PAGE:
Naming Objects

Purpose/Skills

  • To recognize the sounds of some letters
  • To understand what words look like
  • To recognize words as units of print

Materials
Masking tape; labels for items in the room, such as desk, chair, window, door; children's book
Prepare the labels ahead of time.

Vocabulary

desk chair
window book
label words

Literature Suggestion
Read I Took My Frog to the Library by Eric A. Kimmel, or any other book with a setting like a library or schoolroom.

Warm-Up
Ask children to attach labels to the appropriate objects, pointing out the beginning sounds. For example: "Annie, here is a word for a table. Table starts with a t. Please put this word on the table." Ask the group: What did Annie put on the table? (a label with a word) What does the word say? (table) What letter does table start with? (t) And what sound does it make? (/t/)

Procedure

  • Read the book. Then open the book to a page that shows an object that begins with /t/. Ask children to identify an object that begins with that sound. If children need prompting, you may want to say, for example, T, T, T, there is a table. Repeat with other letters.
  • Introduce the game "I Spy." Tell children that you will say, I spy with my little eye a (labeled item in the room) and will ask one of them to touch the object and the word. Say, "I spy with my little eye...a door!" and ask a child to find the labeled door. When the child goes to the door, say, "Yes, Derek, that is the door. Please touch the word that says door. Notice that it starts with d and makes /d/." Continue the game, encouraging children to find the objects and touch the words on the labels.
Enrichment
Ask children what other items in the room they might want to label. Spell out the words as you write them and have children attach the labels.

Observation Assessment

  • Proficient - Child understands that the word on the label is the name of the object and can recognize the sounds of some letters.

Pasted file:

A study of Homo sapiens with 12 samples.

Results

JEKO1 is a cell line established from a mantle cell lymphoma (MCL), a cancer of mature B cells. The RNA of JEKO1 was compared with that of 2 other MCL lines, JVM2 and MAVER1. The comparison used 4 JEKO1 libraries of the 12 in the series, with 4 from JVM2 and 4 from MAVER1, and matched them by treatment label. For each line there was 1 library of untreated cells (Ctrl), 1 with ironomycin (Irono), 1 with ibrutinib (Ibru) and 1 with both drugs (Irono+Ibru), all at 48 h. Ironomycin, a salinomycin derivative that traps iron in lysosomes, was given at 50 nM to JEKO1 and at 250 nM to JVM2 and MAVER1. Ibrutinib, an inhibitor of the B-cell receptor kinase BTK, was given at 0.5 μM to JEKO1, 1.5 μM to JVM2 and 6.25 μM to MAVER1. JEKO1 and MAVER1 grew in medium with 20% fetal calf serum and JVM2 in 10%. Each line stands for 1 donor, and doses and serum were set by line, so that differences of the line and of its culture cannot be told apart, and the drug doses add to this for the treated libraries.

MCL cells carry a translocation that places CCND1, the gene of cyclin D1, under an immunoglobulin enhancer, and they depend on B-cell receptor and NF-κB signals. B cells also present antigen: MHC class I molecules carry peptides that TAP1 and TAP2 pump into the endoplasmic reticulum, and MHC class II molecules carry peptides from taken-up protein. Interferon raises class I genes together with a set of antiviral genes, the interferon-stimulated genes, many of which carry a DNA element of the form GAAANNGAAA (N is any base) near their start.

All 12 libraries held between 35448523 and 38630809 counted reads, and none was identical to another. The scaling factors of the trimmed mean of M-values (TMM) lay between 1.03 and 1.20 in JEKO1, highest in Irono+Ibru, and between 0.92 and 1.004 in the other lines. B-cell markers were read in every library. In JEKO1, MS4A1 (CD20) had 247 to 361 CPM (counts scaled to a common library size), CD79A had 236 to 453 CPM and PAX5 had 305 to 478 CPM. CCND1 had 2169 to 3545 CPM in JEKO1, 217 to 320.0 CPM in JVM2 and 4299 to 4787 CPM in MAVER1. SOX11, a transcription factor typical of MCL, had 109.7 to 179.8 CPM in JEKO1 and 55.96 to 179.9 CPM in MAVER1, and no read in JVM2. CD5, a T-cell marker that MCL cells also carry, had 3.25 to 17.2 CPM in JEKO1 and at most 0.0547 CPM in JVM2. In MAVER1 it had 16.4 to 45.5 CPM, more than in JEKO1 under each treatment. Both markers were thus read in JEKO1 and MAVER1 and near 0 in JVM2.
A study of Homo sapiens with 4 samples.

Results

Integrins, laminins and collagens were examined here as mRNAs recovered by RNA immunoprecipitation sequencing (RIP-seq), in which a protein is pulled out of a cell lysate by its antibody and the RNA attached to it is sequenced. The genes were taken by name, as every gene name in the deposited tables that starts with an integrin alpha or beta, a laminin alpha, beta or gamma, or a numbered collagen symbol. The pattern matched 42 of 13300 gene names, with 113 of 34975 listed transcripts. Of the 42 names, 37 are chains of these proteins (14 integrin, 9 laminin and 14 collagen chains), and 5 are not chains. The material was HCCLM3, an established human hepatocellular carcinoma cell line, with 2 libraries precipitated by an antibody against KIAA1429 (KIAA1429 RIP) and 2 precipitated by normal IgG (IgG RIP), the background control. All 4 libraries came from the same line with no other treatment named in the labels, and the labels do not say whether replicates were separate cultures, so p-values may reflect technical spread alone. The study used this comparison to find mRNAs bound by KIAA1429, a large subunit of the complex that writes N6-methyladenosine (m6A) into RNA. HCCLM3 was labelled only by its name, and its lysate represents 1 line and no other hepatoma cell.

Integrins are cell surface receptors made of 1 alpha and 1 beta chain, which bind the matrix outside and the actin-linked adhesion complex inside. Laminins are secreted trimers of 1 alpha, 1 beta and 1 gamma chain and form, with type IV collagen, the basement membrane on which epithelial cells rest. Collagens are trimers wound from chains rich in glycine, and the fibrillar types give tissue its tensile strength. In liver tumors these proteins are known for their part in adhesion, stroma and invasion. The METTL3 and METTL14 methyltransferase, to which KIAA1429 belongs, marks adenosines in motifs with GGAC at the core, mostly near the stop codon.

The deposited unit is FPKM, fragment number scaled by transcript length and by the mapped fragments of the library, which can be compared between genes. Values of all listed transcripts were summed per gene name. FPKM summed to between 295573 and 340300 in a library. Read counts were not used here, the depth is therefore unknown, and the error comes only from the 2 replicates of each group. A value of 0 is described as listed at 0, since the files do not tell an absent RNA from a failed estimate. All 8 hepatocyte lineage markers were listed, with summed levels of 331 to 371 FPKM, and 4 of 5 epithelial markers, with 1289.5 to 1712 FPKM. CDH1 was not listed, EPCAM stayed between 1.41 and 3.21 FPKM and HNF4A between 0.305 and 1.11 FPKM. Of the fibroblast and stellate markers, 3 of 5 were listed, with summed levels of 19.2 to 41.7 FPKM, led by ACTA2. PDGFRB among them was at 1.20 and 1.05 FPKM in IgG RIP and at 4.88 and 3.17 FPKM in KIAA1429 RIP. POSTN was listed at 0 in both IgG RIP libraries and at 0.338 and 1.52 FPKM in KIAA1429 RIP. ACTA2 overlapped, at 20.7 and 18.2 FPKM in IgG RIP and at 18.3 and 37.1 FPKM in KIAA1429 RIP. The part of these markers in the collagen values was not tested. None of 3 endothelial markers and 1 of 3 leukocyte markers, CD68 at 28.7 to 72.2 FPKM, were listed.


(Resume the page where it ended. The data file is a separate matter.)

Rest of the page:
• In Process - Child acknowledges the label, but does not fully understand that it is a word that represents the name of the object.
  • Not Yet Ready - Child does not yet make the connection between the word and the object it names, and may ignore attempts to point out and explain the label.

Excerpted from School Readiness Activity Cards. The Preschool Activity Cards provide engaging and purposeful experiences that develop language, literacy, and math skills for preschool children.


If you need to teach it, we have it covered.

Start your free trial to gain instant access to thousands of expertly curated worksheets, activities, and lessons created by educational publishers and teachers.

Start Your Free Trial

Follow us on:

Follow TeacherVision on Facebook
Follow TeacherVision on Google Plus

Highlights

December Calendar of Events
December is full of events that you can incorporate into your standard curriculum! Our Educators' Calendar outlines activities for each event. Happy holidays!

Bullying Prevention Resources
Bullying can cause both physical and emotional harm. Put a stop to classroom bullying, with our bullying prevention resources. Learn how to recognize several forms of bullying and teasing, and discover effective techniques for dealing with and preventing bullying in school.

Conflict Resolution
Teach your students to how resolve conflict amongst themselves without resorting to name-calling, fights, and tattling.

Immigration Resources
Studying immigration brings to light the many interesting and diverse cultures in the world.